Monday, July 9, 2012



Oh, I'm sorry.  You were talking about coral bells?  :-)

This is an article I wrote in a local "Dear Iris" gardening column lately.


 By KATHY TOLLENAERE, Master Gardener | Jun 21, 2012

The genus Heuchera (pronounced hoo-ker-a) of the family Saxifragacea contains at least 50 native species. These are an herbaceous perennial native to North America commonly called coral bells or alumroot. Plants you find in nurseries will most predictably be modern cultivars. Depending upon the individual variety, coral bells will thrive in zones 3 through 9.
Since the mid-1990s an “explosion” of sorts has occurred with regard to the development of new hybrid varieties. You can find hybrids with varying leaf size, shape, and color as well as flower stems varying in heights (up to 2.5 inches) and blossom color of white, pink, salmon, coral, or red bell-shaped flowers. You might enjoy a trip to an area nursery as well as a search on-line to view the variety of hybrids available. Most plants would be best suited to either the front of the garden or just behind it.

Generally, coral bells do best in light shade or dappled shade, at least during the hottest part of the day. Planting in full sun runs the risk that the foliage may discolor by scorching or die back during very hot spells in the summer. Most of my coral bells receive direct sunlight for up to four hours in the afternoon with dappled shade at other times. I have placed other plants in conditions receiving only dappled shade with very little direct sunlight. As a contrast, however, I’ve given “Green Spice” an especially large challenge, as once the deciduous oak tree leaves appear, it never sees sunlight. It doesn’t flourish as it would under better conditions, but it has continued to do fairly well during the past eight years, and it offers a nice contrast in foliage to the surrounding plants.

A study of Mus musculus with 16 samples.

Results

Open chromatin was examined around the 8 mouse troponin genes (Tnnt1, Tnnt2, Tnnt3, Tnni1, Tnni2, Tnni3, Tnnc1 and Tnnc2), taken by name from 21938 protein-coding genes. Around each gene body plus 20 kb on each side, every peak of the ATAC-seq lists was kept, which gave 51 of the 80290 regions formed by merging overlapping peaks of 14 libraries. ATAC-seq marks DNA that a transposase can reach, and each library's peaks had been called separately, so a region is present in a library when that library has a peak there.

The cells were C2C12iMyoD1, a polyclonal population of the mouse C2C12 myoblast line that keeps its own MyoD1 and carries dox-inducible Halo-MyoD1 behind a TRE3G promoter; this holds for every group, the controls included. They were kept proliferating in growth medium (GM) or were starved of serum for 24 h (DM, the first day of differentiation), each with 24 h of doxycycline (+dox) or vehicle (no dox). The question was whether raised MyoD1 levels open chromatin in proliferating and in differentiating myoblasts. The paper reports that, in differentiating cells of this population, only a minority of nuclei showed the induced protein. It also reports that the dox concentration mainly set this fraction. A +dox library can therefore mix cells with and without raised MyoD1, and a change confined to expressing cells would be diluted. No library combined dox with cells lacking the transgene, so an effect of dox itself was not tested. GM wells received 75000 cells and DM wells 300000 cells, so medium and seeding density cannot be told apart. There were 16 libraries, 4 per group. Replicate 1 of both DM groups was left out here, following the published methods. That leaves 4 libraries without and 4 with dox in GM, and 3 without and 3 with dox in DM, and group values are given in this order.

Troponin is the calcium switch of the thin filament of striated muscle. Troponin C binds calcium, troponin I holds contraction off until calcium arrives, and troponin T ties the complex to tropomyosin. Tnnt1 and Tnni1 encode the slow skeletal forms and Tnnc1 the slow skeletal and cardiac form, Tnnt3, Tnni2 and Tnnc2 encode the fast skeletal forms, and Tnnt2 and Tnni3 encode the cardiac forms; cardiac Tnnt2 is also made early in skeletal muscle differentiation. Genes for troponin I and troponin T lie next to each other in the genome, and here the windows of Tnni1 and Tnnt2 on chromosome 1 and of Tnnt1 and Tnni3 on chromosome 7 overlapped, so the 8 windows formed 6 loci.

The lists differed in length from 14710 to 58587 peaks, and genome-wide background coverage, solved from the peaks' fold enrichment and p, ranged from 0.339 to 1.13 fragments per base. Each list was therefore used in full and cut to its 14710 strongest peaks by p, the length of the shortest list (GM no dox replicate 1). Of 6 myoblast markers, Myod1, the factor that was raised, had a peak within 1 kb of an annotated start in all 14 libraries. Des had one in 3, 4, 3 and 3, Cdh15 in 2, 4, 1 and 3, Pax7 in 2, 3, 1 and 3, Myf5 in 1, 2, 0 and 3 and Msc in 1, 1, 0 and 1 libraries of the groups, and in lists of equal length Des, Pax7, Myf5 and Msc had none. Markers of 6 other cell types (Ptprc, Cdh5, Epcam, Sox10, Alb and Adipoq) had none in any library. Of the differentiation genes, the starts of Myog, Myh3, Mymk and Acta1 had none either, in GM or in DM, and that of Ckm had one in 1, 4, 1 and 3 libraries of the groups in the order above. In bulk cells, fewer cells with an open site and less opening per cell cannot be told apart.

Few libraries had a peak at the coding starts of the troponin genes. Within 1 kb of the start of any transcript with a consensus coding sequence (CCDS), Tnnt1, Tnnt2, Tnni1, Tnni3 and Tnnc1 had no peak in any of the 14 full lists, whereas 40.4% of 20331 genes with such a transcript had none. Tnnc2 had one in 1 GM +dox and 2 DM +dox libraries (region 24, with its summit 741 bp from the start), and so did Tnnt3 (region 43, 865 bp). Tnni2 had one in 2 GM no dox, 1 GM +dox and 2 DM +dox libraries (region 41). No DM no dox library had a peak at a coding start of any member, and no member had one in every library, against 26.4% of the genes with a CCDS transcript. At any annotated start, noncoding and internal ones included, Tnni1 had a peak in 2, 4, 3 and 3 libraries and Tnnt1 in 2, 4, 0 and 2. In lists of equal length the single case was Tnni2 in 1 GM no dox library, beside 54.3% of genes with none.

"Green Spice"

For the most part, Heuchera desire well-drained, neutral to rich soil. They do, however, tolerate many soil types. Plants in rich soil will be quite different looking – taller, and lusher, than they would in leaner soil. Under ideal and/or good conditions, these plants have few disease or pest problems. A problem I have experienced is “frost heave,” resulting in a plant that has been forced out of the soil when spring arrives. My answer to that problem seems to have been resolved by either of two solutions: 1) Adding additional soil and leaf mulch in the autumn, or 2) Adding additional soil and replanting in early spring.
Remove the old, unattractive leaves in the spring to encourage new growth. Deadheading (removing) spent flowers and their stalks encourages re-blooming over the course of the summer. Re-blooming is always a pleasant bonus!
Heuchera are truly quite complimentary plants. I do recommend your research and purchase. They don’t take much room! For “richness” in appearance, a gardening approach might be to plant several plants together. I would also suggest not only planting several of one variety, but also to plant different varieties together as a contrast in both leaf and flower. If planted as an “edger,” that is, a row of them at the front edge of your flowerbed, they are quite effective.
Heuchera is not the sound of a sneeze, but I’d accept your “Gesundheit!” any day!


Muffy's Marks said...

Your garden is so lovely, thanks for sharing!

Rosemary said...

Love these plants , good info!

Shady Gardener said...

Thank you Muffy and Rosemary. :-) Thanks for your visit and comments!

Kimberley at Cosmos and Cleome said...

I love my coral bells, but lately they haven't been blooming well. Lots of healthy leaves, but only a couple of flower spikes this spring. Maybe they get too much sun? Do you know of any common reasons for non-blooming?